Alcohol dehydrogenases (ADH) are a group of dehydrogenase enzymes that occur in many organisms and facilitate the interconversion between alcohols and aldehydes or ketones with the reduction of nicotinamide adenine dinucleotide (NAD+) to NADH. ADH refers to a family of enzymes that catalyze the reversible oxidation of primary or secondary alcohols to aldehydes or ketones, respectively. Alcohol dehydrogenases are a class of zinc enzymes that catalyze the oxidation of primary and secondary alcohols to the corresponding aldehyde or ketone by the transfer of a hydride anion to NAD+ with the release of a proton.
In humans and many other animals, they serve to break down alcohols that otherwise are toxic, and they also participate in the generation of useful aldehyde, ketone, or alcohol groups during the biosynthesis of various metabolites. It is located in the cytosol of stomach and liver cells and functions as the main enzyme for alcohol metabolism. In yeast, plants, and many bacteria, some alcohol dehydrogenases catalyze the opposite reaction as part of fermentation to ensure a constant supply of NAD+. ADH is the major enzyme responsible for alcohol metabolism in the liver, at normal physiological conditions.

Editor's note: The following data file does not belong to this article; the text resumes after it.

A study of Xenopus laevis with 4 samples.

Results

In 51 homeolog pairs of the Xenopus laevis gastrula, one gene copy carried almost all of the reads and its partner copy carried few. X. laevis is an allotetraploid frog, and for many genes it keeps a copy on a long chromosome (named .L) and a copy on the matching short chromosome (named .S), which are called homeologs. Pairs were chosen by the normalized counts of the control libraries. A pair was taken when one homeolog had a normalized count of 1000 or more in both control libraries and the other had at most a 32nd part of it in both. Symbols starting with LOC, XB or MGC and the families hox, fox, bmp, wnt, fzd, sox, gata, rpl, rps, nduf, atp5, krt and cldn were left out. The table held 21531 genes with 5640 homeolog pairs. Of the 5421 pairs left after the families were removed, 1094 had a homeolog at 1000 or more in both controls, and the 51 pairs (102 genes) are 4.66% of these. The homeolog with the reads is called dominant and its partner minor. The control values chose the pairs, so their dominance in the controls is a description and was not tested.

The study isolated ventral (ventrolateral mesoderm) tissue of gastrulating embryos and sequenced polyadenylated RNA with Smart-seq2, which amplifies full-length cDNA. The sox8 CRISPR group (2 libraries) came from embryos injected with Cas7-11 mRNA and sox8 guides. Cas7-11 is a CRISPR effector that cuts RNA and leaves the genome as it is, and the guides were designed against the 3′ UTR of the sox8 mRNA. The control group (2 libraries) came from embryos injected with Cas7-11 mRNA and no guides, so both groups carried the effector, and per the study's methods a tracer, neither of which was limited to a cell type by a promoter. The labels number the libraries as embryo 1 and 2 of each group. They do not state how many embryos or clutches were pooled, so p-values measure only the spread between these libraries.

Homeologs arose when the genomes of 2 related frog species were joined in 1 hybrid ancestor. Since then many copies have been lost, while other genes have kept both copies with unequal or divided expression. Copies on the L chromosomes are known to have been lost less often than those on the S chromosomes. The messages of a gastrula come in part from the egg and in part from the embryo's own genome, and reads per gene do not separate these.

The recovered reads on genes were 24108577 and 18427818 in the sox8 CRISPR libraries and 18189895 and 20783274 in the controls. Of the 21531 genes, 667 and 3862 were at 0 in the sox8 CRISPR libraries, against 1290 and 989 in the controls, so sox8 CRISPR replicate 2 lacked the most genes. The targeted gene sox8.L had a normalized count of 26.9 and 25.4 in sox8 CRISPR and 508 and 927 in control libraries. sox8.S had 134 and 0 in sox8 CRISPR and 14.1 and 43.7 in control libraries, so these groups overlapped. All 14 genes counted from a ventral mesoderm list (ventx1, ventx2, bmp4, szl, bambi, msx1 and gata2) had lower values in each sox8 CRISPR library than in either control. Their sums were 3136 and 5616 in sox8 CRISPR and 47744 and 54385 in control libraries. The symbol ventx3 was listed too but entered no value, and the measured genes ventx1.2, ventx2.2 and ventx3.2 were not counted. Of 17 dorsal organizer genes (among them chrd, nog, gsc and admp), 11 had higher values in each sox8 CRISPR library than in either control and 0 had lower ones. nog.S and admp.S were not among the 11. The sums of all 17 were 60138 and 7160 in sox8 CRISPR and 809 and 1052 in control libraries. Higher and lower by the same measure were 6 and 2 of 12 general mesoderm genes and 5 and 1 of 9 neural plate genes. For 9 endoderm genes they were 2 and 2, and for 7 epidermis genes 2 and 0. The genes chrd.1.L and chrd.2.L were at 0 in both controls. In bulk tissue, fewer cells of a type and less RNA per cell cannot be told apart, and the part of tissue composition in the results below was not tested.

The alcohol dehydrogenases comprise a group of several isozymes that catalyze the oxidation of primary and secondary alcohols to aldehydes and ketones, respectively, and also can catalyze the reverse reaction. In mammals, this is a redox (reduction/oxidation) reaction involving the coenzyme nicotinamide adenine dinucleotide (NAD+).
Alcohol dehydrogenases (ADHs), which belong to the oxidoreductase superfamily, catalyze the interconversion between alcohols and aldehydes or ketones with high stereoselectivity under mild conditions. ADHs are widely employed as biocatalysts for the dynamic kinetic resolution of racemic substrates and for the preparation of enantiomerically pure chemicals.
ADH has many roles in the body. One major function is to catalyze the oxidation of ethanol to acetaldehyde as the first step in ethanol metabolism by the liver. Dehydrogenases are used as enzymes for the oxidation and reduction of carbonyl groups, respectively alcohols. The enzymes are mostly NAD(P)H-dependent. For the reduction of aldehydes and ketones, baker yeast is often used.